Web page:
Have you ever been stuck with a flat tire on your trip? Everyone would have experienced this some time. You’re stranded in the middle of nowhere. You’ve got the spare tire and jack somewhere in the car but you never have bothered to learn to do it. Then you reach out for the car manual that could just help you with this.

Thanks to the company for providing a manual that can help you get out of the struggle. This is just a regular example of a knowledge base. A customer service knowledge base combines a series of questions and answers, how-to articles, tutorials or guides that customers can use to help themselves. This also helps customers save time spending on a typical hassle of phone support and instead solve the issue themselves. All in all, a knowledge-sharing system could be a knowledge base and how you build your knowledge base will help your customers help themselves.

Why Should You Have a Knowledge Base?

If you really want your business to be successful, you will need to start building a knowledge base from day one. Why? You know one of the main reasons why a customer may stop using a product is that they find it too hard to get the right support at the right time. And to top that off, customers demand a knowledge base.

Here are a few of the endless ways you can use a knowledge base.

  • IT: From troubleshooting to training, it simplifies everything.
  • HR: Onboarding, distributing company policies, and payment schedules.
  • Legal: For contract and other approval processes, policies, and registrations.

A knowledge base helps customers find answers to solve problems on their own and a good knowledge base can scale-out good support while improving the overall customer experience.

A Gartner study projects that by 2020, the customer will manage 85% of the relationship without interacting with a human. This means building a complex process that contains multiple steps that can promote knowledge. There are a number of things to include when you are creating a knowledge base on your own.

One of the best examples when it comes to a design-wise knowledge base is Spotify. They have a neatly organized help center. Their knowledge base is composed of fully explained information (FAQs, how-to guides) backed by amazing visuals. It has an amazing autocomplete system which tries to predict possible questions that you may have.

Getting Started With Your Knowledge Base

  1. Create a Content Plan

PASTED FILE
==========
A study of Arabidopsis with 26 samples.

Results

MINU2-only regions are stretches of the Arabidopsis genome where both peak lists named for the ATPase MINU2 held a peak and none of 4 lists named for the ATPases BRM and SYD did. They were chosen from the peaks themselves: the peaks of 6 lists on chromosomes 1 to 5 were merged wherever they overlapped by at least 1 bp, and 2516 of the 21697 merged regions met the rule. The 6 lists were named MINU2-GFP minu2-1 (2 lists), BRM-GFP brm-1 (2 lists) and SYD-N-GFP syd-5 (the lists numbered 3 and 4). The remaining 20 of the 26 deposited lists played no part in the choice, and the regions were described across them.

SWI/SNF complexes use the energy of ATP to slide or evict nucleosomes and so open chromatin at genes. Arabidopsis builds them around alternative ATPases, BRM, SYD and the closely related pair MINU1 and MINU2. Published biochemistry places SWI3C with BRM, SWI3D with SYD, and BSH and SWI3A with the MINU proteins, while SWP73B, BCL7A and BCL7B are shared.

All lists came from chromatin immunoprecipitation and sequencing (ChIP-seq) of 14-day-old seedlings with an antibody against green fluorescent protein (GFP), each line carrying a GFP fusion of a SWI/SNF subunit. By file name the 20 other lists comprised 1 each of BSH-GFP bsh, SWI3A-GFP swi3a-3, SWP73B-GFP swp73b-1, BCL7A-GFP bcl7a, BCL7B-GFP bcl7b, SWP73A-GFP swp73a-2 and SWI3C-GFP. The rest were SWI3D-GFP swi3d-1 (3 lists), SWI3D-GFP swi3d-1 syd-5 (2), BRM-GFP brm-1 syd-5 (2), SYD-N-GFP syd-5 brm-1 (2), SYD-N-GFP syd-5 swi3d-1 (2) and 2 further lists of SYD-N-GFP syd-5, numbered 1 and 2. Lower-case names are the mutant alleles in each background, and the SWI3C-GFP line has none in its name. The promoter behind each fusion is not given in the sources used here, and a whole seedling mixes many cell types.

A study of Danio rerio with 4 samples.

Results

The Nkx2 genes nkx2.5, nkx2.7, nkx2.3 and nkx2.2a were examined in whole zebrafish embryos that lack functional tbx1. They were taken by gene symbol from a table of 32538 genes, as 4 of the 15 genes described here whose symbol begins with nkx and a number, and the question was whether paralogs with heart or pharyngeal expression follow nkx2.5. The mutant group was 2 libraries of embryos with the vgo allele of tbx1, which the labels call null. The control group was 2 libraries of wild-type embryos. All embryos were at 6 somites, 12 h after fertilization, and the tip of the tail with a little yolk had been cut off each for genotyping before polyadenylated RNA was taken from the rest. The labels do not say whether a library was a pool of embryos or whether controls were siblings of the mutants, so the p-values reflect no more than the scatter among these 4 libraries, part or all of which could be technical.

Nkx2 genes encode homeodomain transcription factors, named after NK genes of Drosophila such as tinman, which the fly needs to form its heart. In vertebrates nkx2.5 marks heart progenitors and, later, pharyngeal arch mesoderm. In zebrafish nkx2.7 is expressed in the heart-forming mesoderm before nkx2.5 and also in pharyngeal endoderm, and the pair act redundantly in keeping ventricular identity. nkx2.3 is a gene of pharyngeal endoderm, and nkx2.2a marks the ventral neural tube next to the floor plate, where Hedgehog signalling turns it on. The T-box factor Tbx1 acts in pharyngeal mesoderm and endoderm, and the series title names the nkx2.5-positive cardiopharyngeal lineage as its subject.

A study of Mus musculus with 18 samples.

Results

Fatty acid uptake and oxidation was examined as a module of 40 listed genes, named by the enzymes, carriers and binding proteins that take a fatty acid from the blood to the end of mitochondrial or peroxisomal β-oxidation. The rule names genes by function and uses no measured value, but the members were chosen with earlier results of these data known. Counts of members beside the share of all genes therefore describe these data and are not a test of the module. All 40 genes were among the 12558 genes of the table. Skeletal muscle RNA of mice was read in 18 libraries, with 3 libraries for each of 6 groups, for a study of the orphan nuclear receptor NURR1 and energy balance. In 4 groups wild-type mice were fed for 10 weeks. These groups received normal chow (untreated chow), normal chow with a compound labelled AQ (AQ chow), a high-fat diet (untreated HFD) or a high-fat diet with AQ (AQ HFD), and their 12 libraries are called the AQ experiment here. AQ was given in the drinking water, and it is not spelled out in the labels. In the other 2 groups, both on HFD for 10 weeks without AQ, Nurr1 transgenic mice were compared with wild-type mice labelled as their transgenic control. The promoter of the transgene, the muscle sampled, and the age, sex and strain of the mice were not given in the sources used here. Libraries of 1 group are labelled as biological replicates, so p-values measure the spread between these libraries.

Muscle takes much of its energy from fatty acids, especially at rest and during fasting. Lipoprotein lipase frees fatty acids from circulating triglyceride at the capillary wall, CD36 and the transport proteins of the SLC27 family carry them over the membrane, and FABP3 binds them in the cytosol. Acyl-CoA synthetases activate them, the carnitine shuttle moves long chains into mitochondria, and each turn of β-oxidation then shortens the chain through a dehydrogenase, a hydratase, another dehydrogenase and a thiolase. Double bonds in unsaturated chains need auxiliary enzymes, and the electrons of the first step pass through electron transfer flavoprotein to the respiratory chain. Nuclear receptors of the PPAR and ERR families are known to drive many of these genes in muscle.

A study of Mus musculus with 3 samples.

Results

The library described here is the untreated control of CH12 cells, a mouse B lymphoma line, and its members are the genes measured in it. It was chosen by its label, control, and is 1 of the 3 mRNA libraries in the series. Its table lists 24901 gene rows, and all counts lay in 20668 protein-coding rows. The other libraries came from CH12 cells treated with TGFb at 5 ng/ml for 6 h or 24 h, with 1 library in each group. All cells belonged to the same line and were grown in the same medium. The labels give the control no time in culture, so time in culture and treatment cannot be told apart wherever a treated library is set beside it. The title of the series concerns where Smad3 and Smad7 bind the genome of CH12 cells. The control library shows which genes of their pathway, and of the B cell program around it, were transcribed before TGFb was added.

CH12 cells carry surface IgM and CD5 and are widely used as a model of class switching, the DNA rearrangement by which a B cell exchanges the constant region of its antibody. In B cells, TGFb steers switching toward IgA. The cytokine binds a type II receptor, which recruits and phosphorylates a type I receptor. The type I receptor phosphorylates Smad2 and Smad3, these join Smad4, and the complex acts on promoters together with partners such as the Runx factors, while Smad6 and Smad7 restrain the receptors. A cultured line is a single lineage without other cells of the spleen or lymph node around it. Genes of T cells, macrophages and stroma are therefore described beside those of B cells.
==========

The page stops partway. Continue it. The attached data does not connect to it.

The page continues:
What should you actually write about in your knowledge base? There is a lot of stuff everywhere. It’s how you plan out your content to cover everything. For a customer service knowledge base, you should collect FAQs from any department that interacts with customers and people who make the product. Content from each of them should contribute to your document.

  1. What are Topics for Your Knowledge Base

How do you decide what topics are important? Start out in bits. Keep in mind:

  • Answers to all basic questions that a stranger would want to ask.
  • Have a setup process a customer goes through when starting to use your product.
  1. Collaborate With Your Team

It will take time to create a knowledge base. When working with a group of team, there will be tasks that need to be worked on collaboratively. And to work collaboratively you need to have a workflow that is defined in stages.

  1. Knowledge Base Software

Collaboration is required, but having a centralized system that employees can access online design a knowledge base from the ground up to help customers and team is also must. You can elevate your customers to self-help, to find important company details, and help employees to find critical information in seconds.

  1. Keep it up to Date

If you are constantly updating your services or product then you need to constantly keep up with your knowledge base document. Also, have a system of analytics that will give you a report on how many people are using content, have feedback and ratings on content, and many other reviews. Look at what pages are visited frequently and why.

  1. Use Visuals to Make Your Layout Clear

Using visuals means using both graphics and keeping the page organized that doesn’t confuse the customer. Design help menus that work well for desktop PCs, mobile phones, and apps. In all cases, make sure you add a distinct “contact us” badge. And above all else, have a search bar. If your product is tangible, use pictures of your products on the page, if your product is a service or program, your text boxes are your graphics.

  1. Use Customer Questions to Tweak Your Content

Customers expect an easily accessible location where they can find an answer to all burning questions. Instead of using your own internal labels for content use your customers own words to answer their issues.

  1. Don’t Sell Inside Your Knowledge Base

Your customers need help, and it’s going to be annoying if you start selling your services where they are looking for help. You can add an option to upgrade at some instances but don’t try to sell anything extra. It’s like help and not a sales pitch.

  1. Intuitive and Simple Design

Making a simple design for your knowledge base should be an important part. It is not enough to simply offer a standard knowledge base portal—the design also affects your customers’ experience with your brand. If the design is lackluster, it could make for a poor response. When designing your knowledge base, keep discoverability and simplicity top of mind.

How Do You Share Knowledge in the Workplace

The success of any company depends upon the most basic aspect – knowledge sharing. How do you do it? Knowledge sharing is worthy. It is not so recent buzzword but the idea is straightforward.

Remember to create an effortless experience for your customers by building a good knowledge base system. Setting up a successful knowledge sharing program can be overwhelming. Where do you start?